Policing Shapes Residents’ Perceptions of Government in City Neighborhoods

Police Are Our Government: Politics, Political Science, and the Policing of Race-Class Subjugated Communities
Joe Soss and Vesla Weaver

The authors name one side the “first face” of government. The “first face” denotes electoral-representative politics and is the face researchers and public officials most commonly think of when referring to the presence of government and its impact on civic life. The “second face” of government encompasses the activities officials, such as the police, more regularly use to exercise social control and surveillance of urban residents.

The authors conducted a research scan focused on the critical issues of race, class, and subjugation raised by the Ferguson movement and the Black Lives Matter movement. Their scan finds that low-income communities and communities of color interact most frequently and saliently with the “second face” of government, made up of police, jails, courts, bail officers, housing authorities, and other ground-level bureaucracies that encircle low-income communities. Though some attribute socioeconomic disparities in these neighborhoods to a lack of attention by the “first face” of government, Soss and Weaver provide evidence on the ways residents in these communities are not explicitly abandoned by government services but, instead, are regularly imposed upon by the coercive and punitive “second face.” The scan finds that expanded police involvement in the lives of these community members in schools, on streets, and in their homes shapes residents’ political identities and perceptions of government.

Key findings
  • In the 1970s and 1980s, efforts to address underlying community problems through social investment took a backseat, and federal financial resources grew in support of local policing initiatives. From 1951 to 2016, city spending on police in the United States increased from $82 per person to $286 in constant dollars.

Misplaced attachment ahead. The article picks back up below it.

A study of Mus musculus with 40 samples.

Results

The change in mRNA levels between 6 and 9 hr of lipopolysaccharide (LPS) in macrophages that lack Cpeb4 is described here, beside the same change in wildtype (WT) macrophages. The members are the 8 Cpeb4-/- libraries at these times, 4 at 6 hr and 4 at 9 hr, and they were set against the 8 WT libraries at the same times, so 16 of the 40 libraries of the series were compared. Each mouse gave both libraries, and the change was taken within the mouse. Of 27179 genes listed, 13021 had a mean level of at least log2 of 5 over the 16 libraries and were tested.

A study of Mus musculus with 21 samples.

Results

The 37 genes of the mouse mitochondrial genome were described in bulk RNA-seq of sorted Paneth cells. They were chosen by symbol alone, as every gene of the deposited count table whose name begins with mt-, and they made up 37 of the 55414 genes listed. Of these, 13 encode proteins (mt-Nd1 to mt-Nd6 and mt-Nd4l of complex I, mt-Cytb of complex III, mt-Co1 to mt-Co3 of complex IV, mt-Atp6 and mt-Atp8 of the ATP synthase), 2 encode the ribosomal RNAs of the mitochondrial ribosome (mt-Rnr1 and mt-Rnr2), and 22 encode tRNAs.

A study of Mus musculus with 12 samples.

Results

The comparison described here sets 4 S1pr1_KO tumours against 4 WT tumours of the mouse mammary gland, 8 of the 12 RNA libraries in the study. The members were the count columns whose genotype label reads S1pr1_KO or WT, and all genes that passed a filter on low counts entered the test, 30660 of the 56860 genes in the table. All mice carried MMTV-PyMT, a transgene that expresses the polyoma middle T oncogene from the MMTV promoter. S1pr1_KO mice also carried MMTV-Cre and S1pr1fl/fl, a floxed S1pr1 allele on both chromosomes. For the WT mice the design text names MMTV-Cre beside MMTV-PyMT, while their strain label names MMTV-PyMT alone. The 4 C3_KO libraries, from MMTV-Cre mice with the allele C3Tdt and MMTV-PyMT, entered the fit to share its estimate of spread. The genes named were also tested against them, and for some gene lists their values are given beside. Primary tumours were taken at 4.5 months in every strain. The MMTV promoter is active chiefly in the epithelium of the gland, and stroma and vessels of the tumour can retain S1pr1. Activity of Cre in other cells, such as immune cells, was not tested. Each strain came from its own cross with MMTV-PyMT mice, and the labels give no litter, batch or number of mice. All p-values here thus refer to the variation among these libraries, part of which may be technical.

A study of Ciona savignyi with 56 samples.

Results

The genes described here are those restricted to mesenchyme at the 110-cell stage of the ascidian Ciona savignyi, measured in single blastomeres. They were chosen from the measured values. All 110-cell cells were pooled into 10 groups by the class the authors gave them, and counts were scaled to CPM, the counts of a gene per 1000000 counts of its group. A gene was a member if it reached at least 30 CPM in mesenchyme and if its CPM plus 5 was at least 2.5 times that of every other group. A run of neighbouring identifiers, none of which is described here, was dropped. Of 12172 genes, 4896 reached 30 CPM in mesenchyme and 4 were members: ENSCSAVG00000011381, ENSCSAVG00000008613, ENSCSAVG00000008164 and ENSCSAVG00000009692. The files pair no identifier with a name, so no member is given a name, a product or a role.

• Under racialized political campaigns against urban “disorder,” low-level arrests increased. These arrests have been found to be weakly connected to crime and strongly connected to race, poverty, and place.
  • Increased policing serves a function similar to “urban renewal,” as police advance the gentrification of urban neighborhoods through roles including displacing residents who have not moved quickly enough from buildings targeted for demolition, are deployed to remove residents resting in city parks and public spaces, work with landlords to enforce nuisance property violations often used to evict Black victims of domestic violence, and extract resources from communities through misdemeanor fines, bail, and court fees.
  • Police exercise the purview to decide which neighborhoods to patrol, where to invest resources, whom to stop and question, when to make an arrest, which behaviors are threats to public safety, and when to use deadly force. The resulting encounters with the police in public spaces function to indicate who is deemed suspicious and who can live free of these suspicions.
  • Within communities, this surveillance informs residents’ decisions on how to conduct themselves and which public spaces to avoid. Outside of these communities, studies show that low-income communities and communities of color tend to be perceived by outsiders as places that nonresidents should avoid—even after controlling for differences in actual crimes.
Policy implication
  • Local government officials, community-based organizations, and city residents interested in promoting civic power and belonging in low-income communities and communities of color should pay attention to the role of police and other justice authorities in both exacerbating perceptions and experiences of individual and group discrimination and fostering political resistance and social movements.